A few weeks back I purchased yet another Gettysburg reference book for my collection. For my “Gettysburg Project”, as discussed in earlier posts, what I desire – a catalog of markers, monuments, tablets, and memorials from the battlefield within the HMDB system. Toward that end, I’m casting my nets over any work that provides information about the subject. So when my post-Christmas Amazon purchase cycle came up, I had Crossroads of the Conflict: Defining Hours for the Blue and Gray: A Guide to the Monuments of Gettysburg, by Donald W. McLaughlin waiting in my cart. Mr. McLaughlin was a Licensed Battlefield Guide at Gettysburg until his death, and clearly had a large volume of notes. The work has been well reviewed on Civil War Librarian, and by Brett at TOCWOC. Instead of plowing over the fields they have already sown, allow me to simply add how the book has worked for me in my project.
When I first opened the book, I was quite pleased. The format is, to put it bluntly, “raw information.” No illustrations or photos, but rather a straight listing of the tablets, monuments, and memorials on the battlefield. Not every bit of text from these battlefield displays is reproduced, in most cases just the sections detailing activity from the battle. For instance for the 121st Pennsylvania Monument on Cemetery Ridge, which I entered just yesterday, McLaughlin reproduced the text from the left side, with the number engaged and casualty figures from the right side. In the case of the War Department tablets, the “headers” spelling out the unit’s parent formation and subordinate units is omitted, and only the day by day narrative is presented. I would note also that McLaughlin was not as rigid with regard to punctuation as I am (and I appear to be the only one!). However, I have not noticed any point where the punctuation added significantly alters the understanding of the text.
McLaughlin organized his listing in the order of the battle events for the most part. There is no grand table of contents or groupings, but a map of the battlefield offers page number references to key the reader to specific sections. For each section of the battlefield, strip maps orient the reader and visitor to the locations of markers, monuments and tablets. In some cases flank markers are indicated. One great example is the New Jersey Brigade (Torbert’s) position. Not only is the location of the monument cited in reference to the horse trail and Sedgwick Avenue, but also the War Department tablet for the brigade and the flank marker stones. McLaughlin included the stone walls to provide an excellent visualization of the area. In other words, beating around the brush to find a “stone” is much easier now! But, as detailed as the strip maps are, they suffer from the inherit flaw in that means of visually conveying information – lack of scale. In the case of “well off the beaten path” items, the lack of scale may be frustrating to visitors in a hurry. Personally I find it forces me to take a deep breath and really take in the battlefield instead of rushing through it.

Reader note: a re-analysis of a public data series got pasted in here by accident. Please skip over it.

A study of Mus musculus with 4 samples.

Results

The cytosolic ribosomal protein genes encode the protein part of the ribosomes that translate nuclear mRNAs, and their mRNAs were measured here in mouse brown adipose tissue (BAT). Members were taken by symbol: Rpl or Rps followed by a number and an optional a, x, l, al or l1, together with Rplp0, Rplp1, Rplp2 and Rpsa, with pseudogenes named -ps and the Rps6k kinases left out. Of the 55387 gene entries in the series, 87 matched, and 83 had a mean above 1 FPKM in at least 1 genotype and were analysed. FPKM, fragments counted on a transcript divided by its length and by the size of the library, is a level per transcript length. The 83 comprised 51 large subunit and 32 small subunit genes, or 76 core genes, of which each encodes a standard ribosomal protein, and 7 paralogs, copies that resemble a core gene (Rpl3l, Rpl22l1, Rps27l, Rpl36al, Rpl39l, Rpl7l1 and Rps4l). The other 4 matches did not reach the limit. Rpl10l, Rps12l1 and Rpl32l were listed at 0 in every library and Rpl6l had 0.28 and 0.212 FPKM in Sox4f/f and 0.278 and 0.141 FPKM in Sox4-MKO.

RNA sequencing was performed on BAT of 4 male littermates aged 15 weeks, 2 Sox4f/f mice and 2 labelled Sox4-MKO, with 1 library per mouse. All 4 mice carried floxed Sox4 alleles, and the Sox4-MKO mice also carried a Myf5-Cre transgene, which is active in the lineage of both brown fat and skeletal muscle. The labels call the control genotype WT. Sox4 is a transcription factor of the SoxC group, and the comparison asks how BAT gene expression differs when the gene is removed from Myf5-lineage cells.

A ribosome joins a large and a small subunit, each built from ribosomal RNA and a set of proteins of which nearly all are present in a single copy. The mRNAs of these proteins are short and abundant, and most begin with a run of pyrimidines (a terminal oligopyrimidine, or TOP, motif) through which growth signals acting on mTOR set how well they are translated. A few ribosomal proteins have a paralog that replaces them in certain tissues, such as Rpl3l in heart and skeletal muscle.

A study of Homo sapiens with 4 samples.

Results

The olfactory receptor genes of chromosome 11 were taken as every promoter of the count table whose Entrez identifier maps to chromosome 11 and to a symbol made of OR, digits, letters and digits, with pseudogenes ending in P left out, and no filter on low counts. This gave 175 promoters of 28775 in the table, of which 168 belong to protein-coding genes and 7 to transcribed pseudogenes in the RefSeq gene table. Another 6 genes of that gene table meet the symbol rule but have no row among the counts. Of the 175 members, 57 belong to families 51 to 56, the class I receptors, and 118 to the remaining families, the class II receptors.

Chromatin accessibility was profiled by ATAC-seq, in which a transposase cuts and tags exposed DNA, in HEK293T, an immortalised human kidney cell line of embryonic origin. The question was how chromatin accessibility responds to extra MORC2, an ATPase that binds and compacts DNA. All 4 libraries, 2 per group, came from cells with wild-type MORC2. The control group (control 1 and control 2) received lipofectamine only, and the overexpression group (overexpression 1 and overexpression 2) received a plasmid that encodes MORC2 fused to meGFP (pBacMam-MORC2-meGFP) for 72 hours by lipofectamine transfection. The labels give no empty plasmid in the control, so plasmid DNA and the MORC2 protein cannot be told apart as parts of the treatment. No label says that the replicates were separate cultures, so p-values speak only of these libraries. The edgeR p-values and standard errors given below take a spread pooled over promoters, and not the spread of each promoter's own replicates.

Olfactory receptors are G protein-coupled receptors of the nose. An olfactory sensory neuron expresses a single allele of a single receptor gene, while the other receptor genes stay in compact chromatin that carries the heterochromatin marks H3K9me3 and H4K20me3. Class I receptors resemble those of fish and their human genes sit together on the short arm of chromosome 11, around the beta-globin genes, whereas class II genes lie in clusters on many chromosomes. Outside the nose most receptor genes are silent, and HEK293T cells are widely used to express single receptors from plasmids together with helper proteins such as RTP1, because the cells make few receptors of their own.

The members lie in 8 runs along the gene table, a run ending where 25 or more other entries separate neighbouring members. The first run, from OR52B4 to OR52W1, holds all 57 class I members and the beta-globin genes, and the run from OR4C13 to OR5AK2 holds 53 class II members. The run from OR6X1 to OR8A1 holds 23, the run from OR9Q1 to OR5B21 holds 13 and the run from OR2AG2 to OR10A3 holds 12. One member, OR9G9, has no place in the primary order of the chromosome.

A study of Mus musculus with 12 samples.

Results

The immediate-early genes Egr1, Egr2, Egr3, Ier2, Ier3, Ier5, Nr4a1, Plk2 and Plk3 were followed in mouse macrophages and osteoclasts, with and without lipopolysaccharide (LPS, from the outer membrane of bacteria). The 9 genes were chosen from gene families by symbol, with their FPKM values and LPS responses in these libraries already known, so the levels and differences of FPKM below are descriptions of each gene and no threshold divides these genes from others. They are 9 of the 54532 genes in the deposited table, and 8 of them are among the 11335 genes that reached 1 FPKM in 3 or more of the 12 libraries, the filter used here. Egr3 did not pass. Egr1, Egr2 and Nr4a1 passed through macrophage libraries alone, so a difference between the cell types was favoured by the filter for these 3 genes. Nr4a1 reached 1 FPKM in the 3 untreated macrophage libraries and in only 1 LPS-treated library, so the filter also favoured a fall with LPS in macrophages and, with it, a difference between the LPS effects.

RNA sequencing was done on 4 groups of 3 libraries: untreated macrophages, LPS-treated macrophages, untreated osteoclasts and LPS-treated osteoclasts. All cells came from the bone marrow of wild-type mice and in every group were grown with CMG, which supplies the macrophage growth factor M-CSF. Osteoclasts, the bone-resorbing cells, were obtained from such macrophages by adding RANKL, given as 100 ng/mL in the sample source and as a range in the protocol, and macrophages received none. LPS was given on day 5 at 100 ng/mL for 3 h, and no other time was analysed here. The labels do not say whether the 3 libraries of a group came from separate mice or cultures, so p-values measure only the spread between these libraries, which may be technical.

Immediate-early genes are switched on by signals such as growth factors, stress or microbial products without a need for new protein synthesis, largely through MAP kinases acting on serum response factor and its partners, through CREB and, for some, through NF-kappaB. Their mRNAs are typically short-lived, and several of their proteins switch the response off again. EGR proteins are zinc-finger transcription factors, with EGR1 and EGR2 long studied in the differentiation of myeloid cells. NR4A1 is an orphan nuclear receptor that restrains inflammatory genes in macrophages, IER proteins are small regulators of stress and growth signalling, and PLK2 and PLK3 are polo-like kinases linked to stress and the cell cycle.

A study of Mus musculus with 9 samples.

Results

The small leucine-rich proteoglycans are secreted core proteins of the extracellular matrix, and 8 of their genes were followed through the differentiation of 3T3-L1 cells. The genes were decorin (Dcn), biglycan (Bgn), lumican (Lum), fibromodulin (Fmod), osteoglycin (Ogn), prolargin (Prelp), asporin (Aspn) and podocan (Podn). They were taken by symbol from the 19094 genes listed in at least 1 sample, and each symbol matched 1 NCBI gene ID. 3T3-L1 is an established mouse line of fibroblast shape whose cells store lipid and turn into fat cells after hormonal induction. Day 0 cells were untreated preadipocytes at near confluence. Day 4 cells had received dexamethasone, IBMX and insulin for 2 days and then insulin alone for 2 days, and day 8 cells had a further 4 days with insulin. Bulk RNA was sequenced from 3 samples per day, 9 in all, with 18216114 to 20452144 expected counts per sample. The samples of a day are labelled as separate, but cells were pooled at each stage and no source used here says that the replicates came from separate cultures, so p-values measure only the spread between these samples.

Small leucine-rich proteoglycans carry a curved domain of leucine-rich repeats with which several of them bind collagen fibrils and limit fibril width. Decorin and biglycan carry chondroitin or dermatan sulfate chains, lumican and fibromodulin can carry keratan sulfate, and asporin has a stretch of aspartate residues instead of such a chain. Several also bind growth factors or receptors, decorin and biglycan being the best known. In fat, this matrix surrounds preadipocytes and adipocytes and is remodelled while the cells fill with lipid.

But there are some faults I found with the book. First off, as a raw information presentation it has several typographical errors and formatting issues. Take it for what it’s worth. The book comes from a self publishing outlet and likely did not receive a lot of pre-publication support. Second off, I found several points where the text from a monument or tablet was omitted. For instance, while the entry for the High Water Mark monument contained even the names of the Gettysburg Battlefield Memorial Association from the back, about a dozen lines of text were omitted from the other sides. Something I would attribute to editing. However, most annoying is the omission of entire monuments! For example, McLaughlin noted the location of the 143rd Pennsylvania monument on Cemetery Ridge on the strip maps, but the monument is not discussed in the text. But in his defense, the monument is weathered and worn. Most other references only mention the regiment’s monument near the McPherson Barn, but forget about the second and third day position monument. Lastly, at least in my copy, the index is truncated.
Separate sections at the end of the book cover the Pennsylvania Historical and Museum Commission’s 1940s era Gettysburg Campaign markers, the War Department’s hospital tablets, the Gettysburg Foundation hospital markers, and some of the War Department itinerary tablets.
After a week of using McLaughlin’s book, and making one trip to the battlefield with it in hand, I declare it a good buy. It isn’t the “all knowing” reference (nor is there one on this topic, in my experience). But I use it in conjunction with several other references to confirm or supplement field notes in order to form a full entry in HMDB – title, text, date placed, organization that placed it, location, and additional details.
We should consider McLaughlin’s work in context of the delivery. Crossroads of the Conflict is in essence a “notebook” collection from a licensed battlefield guide. As with any rough, raw format, it will have errors and omissions. But having it at hand on the battlefield or at home while reviewing field notes is much like having said licensed guide beside you to answer a question or two. Personally I think the work is a diamond in the rough. A publisher might well massage out some of the issues and present a most professional product with only a limited effort.